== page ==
Viral Advertising

Gone Viral

I had cause to strike up a conversation last week with my son and his wife about viral advertising.

Viral advertising is brand and product advertising cleverly disguised as entertainment. If successful, it is propagated (at no cost to the creator) via social media platforms by often unsuspecting individuals, that is, by people who don’t realise that by sharing the content, they have effectively become the advertising medium.

Below is an example by Coca Cola (and yes, it pains me to share it, even to demonstrate my point … aaaarrgh!). It’s a 2 minute video.

In our conversation, I expressed my reaction when someone sends me such a link. I might look at it but once I realise it’s viral advertising, I stop and delete it. I very rarely, almost NEVER pass it on or share it.

They were really surprised as they felt it quite natural to share something funny or clever regardless that it was promoting a brand. They felt they might even want to support and promote a brand they liked. I listened openly as I always do, trying to understand and appreciate the changing values of the younger generation.

But I had cause for reflection. My concern is around the attempted invisibility of the advertising, the cloaking of consumerism as entertainment. The clever fairly seamless distribution, engaging willful actions of a public largely unaware of the impact of their actions. It makes me feel uneasy.

Is it really that harmful? Where is it leading us? Does it empower corporations to infiltrate our everyday life in ways we never imagined before? Or is it simply a mechanism to affirm the brand commitments we already hold for goods and services we want to avail ourselves of anyway?

Love to hear what you think?

5 thoughts on “Viral Advertising

  1. Interesting Sarah, that your attitude seems reflective and consistent with most Y Gen. They embrace this sort of advertising and also don’t feel fear (good on you for ‘staying young’). I think my fear/suspicion comes from awareness of the subtle conditioning that influences (propels?) my buying behaviours and therefore consumption passions. Although I acknowledge this conditional brainwashing(?) is a fact of our capitalist-driven economy, I want to minimise that manipulation where possible. Though it’s no doubt a fantasy (however I acknowledge that you have managed to control your coke intake! Well done.). But how much of our buying impulses are influenced by our brand conditioning? It’s difficult to analyse but it seems useful to at least be aware and think about it from time to time. Recognising viral advertising for what it is seems a good first step. It seems to me that much of the world is not even aware of it’s existence and ‘consume’ it as entertainment unaware of the brand conditioning behind it. I guess that ultimately was the driving force behind writing this post.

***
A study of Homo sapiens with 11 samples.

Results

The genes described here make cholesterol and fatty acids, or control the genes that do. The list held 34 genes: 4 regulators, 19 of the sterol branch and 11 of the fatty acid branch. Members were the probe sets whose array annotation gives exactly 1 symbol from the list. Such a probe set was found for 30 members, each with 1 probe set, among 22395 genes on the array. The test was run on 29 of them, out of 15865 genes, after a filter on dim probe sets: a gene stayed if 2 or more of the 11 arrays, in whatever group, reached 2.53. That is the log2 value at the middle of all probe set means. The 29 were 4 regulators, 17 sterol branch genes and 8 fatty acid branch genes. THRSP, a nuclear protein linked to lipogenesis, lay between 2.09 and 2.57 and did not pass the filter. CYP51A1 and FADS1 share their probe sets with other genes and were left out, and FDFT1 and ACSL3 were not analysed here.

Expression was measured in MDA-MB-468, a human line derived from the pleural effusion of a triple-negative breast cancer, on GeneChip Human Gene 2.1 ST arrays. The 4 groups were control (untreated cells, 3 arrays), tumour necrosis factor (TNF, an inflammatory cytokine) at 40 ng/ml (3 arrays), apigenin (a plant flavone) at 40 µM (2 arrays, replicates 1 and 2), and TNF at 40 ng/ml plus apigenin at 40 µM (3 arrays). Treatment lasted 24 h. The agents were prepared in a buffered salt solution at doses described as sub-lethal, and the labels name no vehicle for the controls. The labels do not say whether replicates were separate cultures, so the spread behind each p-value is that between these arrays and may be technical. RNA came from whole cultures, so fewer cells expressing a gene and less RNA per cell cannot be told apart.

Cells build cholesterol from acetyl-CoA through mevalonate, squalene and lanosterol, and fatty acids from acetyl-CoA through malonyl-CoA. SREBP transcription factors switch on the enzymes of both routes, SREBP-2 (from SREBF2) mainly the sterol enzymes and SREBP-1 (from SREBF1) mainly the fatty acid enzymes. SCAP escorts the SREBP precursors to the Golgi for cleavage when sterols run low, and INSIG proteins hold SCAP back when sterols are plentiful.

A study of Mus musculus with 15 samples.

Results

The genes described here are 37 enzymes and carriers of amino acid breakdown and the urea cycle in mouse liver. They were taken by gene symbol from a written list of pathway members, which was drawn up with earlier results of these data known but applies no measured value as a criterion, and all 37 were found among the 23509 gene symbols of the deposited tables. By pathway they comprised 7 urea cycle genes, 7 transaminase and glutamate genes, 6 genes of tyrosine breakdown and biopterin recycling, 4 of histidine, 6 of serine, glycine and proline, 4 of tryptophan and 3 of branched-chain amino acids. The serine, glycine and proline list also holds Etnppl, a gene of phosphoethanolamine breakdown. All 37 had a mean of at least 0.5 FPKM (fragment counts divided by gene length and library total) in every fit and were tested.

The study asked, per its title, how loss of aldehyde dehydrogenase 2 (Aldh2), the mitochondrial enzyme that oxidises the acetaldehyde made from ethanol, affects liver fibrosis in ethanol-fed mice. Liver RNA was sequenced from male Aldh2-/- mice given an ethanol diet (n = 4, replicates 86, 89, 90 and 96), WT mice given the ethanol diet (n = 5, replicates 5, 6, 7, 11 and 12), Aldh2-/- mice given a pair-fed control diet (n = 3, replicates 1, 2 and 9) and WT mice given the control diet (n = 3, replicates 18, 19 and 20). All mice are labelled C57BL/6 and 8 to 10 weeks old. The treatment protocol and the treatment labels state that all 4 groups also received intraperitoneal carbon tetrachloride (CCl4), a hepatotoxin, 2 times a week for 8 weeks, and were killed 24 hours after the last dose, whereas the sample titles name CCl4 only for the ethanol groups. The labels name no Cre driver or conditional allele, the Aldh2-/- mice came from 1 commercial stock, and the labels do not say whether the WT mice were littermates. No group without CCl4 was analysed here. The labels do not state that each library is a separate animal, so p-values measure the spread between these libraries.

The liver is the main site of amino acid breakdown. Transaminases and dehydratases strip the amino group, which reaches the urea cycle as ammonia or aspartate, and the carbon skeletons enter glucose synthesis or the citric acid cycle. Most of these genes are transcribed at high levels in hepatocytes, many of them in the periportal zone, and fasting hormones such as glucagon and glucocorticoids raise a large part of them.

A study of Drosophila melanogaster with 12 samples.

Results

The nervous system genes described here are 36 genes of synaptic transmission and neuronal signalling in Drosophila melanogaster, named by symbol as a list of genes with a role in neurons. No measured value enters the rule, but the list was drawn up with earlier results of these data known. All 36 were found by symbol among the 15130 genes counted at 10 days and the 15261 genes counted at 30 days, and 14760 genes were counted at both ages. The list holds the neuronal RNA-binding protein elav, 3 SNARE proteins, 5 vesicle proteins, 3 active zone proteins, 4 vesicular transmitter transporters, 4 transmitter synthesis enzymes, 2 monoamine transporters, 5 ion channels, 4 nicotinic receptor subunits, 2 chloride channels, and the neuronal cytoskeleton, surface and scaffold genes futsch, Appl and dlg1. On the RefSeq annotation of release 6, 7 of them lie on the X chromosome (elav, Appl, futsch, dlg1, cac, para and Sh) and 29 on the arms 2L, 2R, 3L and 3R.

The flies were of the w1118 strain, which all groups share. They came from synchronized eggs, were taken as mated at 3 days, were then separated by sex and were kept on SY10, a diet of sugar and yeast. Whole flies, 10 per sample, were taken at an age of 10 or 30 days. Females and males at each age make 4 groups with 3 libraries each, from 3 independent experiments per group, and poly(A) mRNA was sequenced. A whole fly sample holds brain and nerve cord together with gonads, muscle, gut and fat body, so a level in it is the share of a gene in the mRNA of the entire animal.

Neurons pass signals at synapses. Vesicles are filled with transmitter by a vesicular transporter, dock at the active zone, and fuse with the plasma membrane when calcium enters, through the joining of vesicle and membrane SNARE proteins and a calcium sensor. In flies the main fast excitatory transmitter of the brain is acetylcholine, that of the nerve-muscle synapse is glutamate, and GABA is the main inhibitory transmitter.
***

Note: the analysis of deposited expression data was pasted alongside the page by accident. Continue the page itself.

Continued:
2. Thanks Margot. Loving your thought-provoking blog posts by the way.

    Coke must be one of the earlier adopters of the contemporary approach over the last few years (rather emotively labelled “viral marketing”) and I’m sure I’ve been exposed to it as frequently as anyone else over that period. Over the same period my Coke intake has dropped from one can a day to one every few weeks. So, on that evidence I would say no, my brand loyalty has not increased (That said, I’m not drinking cola these days so it’s not a case of a switch to another brand).

    In any event, I’m a fan of clever, especially when it is polite and less intrusive.

    I’m not really sure what there is to be afraid of here – is there some sort of psycho/neural research that suggests we’re all being brainwashed?

  3. Great feedback Sarah. You make a good point that you have a choice to view viral advertising. But isn’t it likely that your brand loyalty is affected by the cleverness of this sort of advertising? Maybe even more so?

  4. I don’t find it sinister at all. The fact that there are two (or maybe more) images of Coke bottles or logos doesn’t bother me and I know that my decisions as to what beverage I drink will always be my decisions (I don’t consider that a promotion within an entertaining clip is going to somehow worm it’s way into my subconscious to influence my taste/nutrition choices. In a sense, I believe I’m stronger than that.

    What gets under my skin is the old fashioned TV, radio advertising and unsightly billboards. Interruptions, distractions, time wasters and brash intrusions (I don’t choose to watch them – they are forced on me). If companies are coming up with methods that are less intrusive, not infecting or interfering with the experiences I chose for myself then I am relieved about that. Finally, can we see an end to the “in your face” rubbish we’ve put up with for decades?

    In the case of viral advertising, it’s my choice to watch the clip and the appearance of the brand, although it may be unexpected, is not intrusive – hardly noticeable, polite almost.

  5. I never forward ads, either, no matter how witty. Everything is a message; all is data. And some of it (lots of it) is insidious.